Hi Neighbours, Like many, Sir Ian Taylor learned only at the age of 68 about the Polynesian migrations across the Pacific Ocean. He hopes a new education website will inspire especially maori and pasifika kids they have innovation in their DNA. Did you know the stories? Read below:
To the side of East Auckland’s Te Ara ki Uta ki Tai cycleway, nestled in overgrown greenery, is a building that wouldn’t get a second glance if it weren’t for hot pink graffiti.
The house, owned by Auckland Council subsidiary Auckland Transport, was used as a site office by Waka Kotahi NZ Transport Agency staff working on the $46 million cycleway between Glen Innes to Tāmaki Drive, Auckland Transport spokesman Mark Hannan said.
But locals say the property has been all but destroyed by vandals since the cycleway was completed in 2016.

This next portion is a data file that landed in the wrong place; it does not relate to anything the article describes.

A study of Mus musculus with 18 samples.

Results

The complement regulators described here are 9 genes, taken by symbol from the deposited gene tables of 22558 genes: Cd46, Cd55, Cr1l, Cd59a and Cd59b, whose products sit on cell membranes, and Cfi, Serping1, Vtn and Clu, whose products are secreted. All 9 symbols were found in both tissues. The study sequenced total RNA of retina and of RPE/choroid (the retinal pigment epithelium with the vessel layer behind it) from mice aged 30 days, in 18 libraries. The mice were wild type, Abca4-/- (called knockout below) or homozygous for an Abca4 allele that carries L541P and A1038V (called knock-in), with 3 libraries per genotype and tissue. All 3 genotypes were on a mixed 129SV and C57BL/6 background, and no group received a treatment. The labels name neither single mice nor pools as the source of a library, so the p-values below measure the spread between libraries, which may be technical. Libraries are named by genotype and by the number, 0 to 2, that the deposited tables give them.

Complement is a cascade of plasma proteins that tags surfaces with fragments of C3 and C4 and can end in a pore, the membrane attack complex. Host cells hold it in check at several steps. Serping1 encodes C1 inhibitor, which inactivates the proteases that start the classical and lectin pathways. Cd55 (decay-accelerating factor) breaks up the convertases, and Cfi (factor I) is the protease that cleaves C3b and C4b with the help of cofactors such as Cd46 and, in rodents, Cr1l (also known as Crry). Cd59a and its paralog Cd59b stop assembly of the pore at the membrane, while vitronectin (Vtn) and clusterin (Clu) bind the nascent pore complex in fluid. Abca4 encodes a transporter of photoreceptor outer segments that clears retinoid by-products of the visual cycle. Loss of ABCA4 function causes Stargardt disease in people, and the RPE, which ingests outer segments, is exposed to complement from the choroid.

The property is one of several that have become run down and derelict under the ownership of local government.
Click 'read more' for my full report on publicly owned properties that have fallen out of use.
More than 9000 kids will have full tummies to help them focus at school each day, thanks to an agreement putting the underused North Harbour Stadium kitchen to work.
Spotless and Auckland Unlimited, which owns the stadium in Albany, have come together to provide the free healthy lunches daily to 26 schools in Henderson, Massey, Ōrākei and Maungakiekie-Tāmaki.
The stadium’s full production-sized kitchen was a big investment but was “hardly” used during the week, Auckland Mayor Phil Goff said.
However, the arrangement would see the kitchen used every weekday, producing a stream of revenue for Auckland Council, eliminate some of the burden from ratepayers all while creating employment for 90 people in what Goff described as a win-win arrangement.
Click 'read more' for the full story.